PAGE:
Posted by Jane Best
Alex Treves and I are currently visiting Johannesburg, Nairobi and Dar es Salaam.
Our first stop was Johannesburg to visit Bienvenu Shelter, an organisation that provides a 3-month safe haven for refugee women and children as they prepare to live in Johannesburg.
We had two interesting days meeting and working with the hard-working, dedicated team and meeting beneficiaries who shared their stories.
The Shelter has developed a lot since my last visit in 2005, with better facilities and more extensive services, especially in outreach to others in the community.
RIJ funding provided sewing machines to women who completed the sewing course at the Shelter. The machines are provided as start-up for the women to develop their own business.
We were taken to meet ex-students who have benefited from the start-up and learn what they have done since they left the Shelter.
Alex and I met four women who had graduated from the sewing classes and were building their lives in the tough conditions of South Africa. Tough, because none of them have received official papers. Lack of documentation makes them vulnerable to exploitation by landlords as well as other problems such as older children being prohibited from high school due to lack of documentation.
These women welcomed us into their homes and shared their stories with us.
E from Angola has five children ranging from 8 to 19 years old, one of whom has a heart condition that requires regular monitoring. She has to cover monthly rent of 2,200 rand per month as well as other costs. She struggles to sell enough bags to cover costs, but the sewing machine has provided her with hope and enables her to earn some money.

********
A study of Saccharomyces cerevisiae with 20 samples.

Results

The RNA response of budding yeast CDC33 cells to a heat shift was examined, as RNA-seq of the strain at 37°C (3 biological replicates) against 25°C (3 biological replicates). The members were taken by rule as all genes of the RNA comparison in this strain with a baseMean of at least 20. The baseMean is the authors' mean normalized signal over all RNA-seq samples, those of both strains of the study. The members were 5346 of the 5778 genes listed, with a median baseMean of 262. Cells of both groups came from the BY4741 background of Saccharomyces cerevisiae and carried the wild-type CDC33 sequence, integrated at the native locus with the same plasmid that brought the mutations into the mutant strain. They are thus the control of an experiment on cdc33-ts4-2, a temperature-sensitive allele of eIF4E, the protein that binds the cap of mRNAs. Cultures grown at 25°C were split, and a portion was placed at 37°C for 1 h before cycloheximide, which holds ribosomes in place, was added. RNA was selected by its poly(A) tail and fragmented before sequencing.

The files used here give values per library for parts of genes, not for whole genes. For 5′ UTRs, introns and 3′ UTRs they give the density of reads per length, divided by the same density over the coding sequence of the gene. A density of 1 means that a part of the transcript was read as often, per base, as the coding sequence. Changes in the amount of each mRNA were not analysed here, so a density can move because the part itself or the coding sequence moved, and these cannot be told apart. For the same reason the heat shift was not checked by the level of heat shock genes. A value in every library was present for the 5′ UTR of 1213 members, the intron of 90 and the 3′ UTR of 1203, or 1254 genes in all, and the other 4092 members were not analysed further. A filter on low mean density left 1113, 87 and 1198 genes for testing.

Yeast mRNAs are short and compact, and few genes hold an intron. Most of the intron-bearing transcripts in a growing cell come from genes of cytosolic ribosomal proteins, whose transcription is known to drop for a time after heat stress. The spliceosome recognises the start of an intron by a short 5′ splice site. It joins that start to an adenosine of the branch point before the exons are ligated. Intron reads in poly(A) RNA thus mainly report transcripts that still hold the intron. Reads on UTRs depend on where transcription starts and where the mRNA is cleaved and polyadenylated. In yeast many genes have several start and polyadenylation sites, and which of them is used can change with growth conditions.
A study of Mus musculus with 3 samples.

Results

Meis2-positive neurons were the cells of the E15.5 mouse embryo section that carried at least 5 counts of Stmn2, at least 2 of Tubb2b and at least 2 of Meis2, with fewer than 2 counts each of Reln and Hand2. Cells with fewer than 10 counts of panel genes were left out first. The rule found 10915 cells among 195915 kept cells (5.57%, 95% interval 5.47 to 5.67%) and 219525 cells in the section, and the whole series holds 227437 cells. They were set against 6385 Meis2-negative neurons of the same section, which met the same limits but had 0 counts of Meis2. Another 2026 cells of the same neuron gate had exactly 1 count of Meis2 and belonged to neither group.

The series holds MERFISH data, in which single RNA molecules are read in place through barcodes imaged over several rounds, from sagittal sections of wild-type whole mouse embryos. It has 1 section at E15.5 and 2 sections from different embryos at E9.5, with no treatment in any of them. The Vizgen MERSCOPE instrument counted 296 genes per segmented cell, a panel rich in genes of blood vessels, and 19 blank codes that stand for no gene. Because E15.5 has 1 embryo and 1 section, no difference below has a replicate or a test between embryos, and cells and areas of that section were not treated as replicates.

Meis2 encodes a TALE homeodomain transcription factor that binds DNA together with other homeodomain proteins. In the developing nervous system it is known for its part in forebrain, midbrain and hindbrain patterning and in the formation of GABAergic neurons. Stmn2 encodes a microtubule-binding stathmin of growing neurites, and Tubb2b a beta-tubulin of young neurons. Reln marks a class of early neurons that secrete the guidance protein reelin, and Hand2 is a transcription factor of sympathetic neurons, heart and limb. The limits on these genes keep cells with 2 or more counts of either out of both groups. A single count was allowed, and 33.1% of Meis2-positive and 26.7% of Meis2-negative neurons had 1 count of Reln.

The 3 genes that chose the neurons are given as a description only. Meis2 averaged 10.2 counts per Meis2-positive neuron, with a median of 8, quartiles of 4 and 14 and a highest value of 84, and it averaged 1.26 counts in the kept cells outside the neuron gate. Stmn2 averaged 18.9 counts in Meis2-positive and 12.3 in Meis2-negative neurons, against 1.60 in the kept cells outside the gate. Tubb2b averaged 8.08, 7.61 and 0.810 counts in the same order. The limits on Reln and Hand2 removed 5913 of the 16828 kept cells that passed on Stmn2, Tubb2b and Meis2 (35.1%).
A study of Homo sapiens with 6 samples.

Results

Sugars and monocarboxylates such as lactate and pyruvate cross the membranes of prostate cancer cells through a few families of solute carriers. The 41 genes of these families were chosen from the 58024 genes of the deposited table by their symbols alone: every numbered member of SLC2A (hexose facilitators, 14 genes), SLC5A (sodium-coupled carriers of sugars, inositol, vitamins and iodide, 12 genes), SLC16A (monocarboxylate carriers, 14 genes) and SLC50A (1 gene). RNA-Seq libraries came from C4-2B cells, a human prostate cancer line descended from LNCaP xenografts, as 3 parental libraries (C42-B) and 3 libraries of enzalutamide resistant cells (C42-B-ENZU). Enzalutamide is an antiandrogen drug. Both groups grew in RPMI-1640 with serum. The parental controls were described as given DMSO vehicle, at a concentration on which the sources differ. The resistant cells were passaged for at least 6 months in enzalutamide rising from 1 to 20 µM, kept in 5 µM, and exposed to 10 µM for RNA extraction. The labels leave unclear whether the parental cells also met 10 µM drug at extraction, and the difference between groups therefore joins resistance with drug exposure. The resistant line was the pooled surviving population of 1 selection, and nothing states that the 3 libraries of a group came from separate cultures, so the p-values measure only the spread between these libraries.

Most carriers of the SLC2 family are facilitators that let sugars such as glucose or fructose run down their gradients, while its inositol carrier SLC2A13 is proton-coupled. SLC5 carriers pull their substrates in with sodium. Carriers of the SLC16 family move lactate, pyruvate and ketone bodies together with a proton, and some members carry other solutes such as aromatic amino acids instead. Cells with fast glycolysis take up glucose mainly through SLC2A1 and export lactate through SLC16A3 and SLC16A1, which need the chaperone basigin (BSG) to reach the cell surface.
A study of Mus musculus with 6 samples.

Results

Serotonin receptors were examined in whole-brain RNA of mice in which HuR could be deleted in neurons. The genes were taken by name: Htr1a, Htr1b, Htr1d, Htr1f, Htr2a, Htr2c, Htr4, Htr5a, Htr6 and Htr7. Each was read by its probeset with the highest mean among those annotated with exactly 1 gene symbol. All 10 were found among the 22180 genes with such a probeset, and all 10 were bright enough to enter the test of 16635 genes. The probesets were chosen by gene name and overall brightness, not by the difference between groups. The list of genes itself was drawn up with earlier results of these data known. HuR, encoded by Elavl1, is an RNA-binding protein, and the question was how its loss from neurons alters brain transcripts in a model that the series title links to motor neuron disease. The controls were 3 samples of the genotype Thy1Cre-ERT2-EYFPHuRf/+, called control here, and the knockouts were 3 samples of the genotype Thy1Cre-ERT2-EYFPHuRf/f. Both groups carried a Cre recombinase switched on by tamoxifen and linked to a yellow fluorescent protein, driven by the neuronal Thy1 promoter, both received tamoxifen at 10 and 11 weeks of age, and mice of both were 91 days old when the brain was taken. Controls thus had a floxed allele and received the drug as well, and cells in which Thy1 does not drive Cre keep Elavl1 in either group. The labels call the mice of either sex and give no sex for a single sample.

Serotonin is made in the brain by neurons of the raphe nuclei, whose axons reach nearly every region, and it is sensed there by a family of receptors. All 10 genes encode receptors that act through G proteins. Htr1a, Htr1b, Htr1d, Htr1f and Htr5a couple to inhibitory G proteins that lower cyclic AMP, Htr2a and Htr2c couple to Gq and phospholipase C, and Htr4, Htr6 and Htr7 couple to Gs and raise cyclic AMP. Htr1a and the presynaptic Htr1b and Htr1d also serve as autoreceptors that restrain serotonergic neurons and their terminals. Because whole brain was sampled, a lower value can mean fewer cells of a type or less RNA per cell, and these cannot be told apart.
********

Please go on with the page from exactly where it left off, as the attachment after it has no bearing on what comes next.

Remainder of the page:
Then we met Victorina from the DRC who has built up a profitable business through her sewing. Victorina has 3 children and lives with her husband. Even though her husband lost his job when his contract ended, the family is doing OK because she has been able to develop her sewing business. She has a regular contract with a cleaning company and has picked up a lot of business through word of mouth. She did her sewing outside her house for a while where passers-by would stop and place orders.
Bienvenu Shelter offers other opportunities to refugees and many of the staff at the Shelter are refugees. We met the amazing Joseph, the sewing teacher. Joseph follows up with all ex-students to be sure they are developing their business and making good use of the machines. We could see how he works with firmness and compassion ensuring that the women are realistic about the challenges they will face in living in south Africa.
And there is Mama T who provides outreach assistance (some food, health support, counseling) to families living in cardboard shelters on the hill behind the Shelter. She clearly commands respect from the families (we felt safe being with her) because she lived there herself once.
As always I am impressed by the resilience of the people I meet and the dedication of those providing the support and opportunities for them to make the best of a tough situation.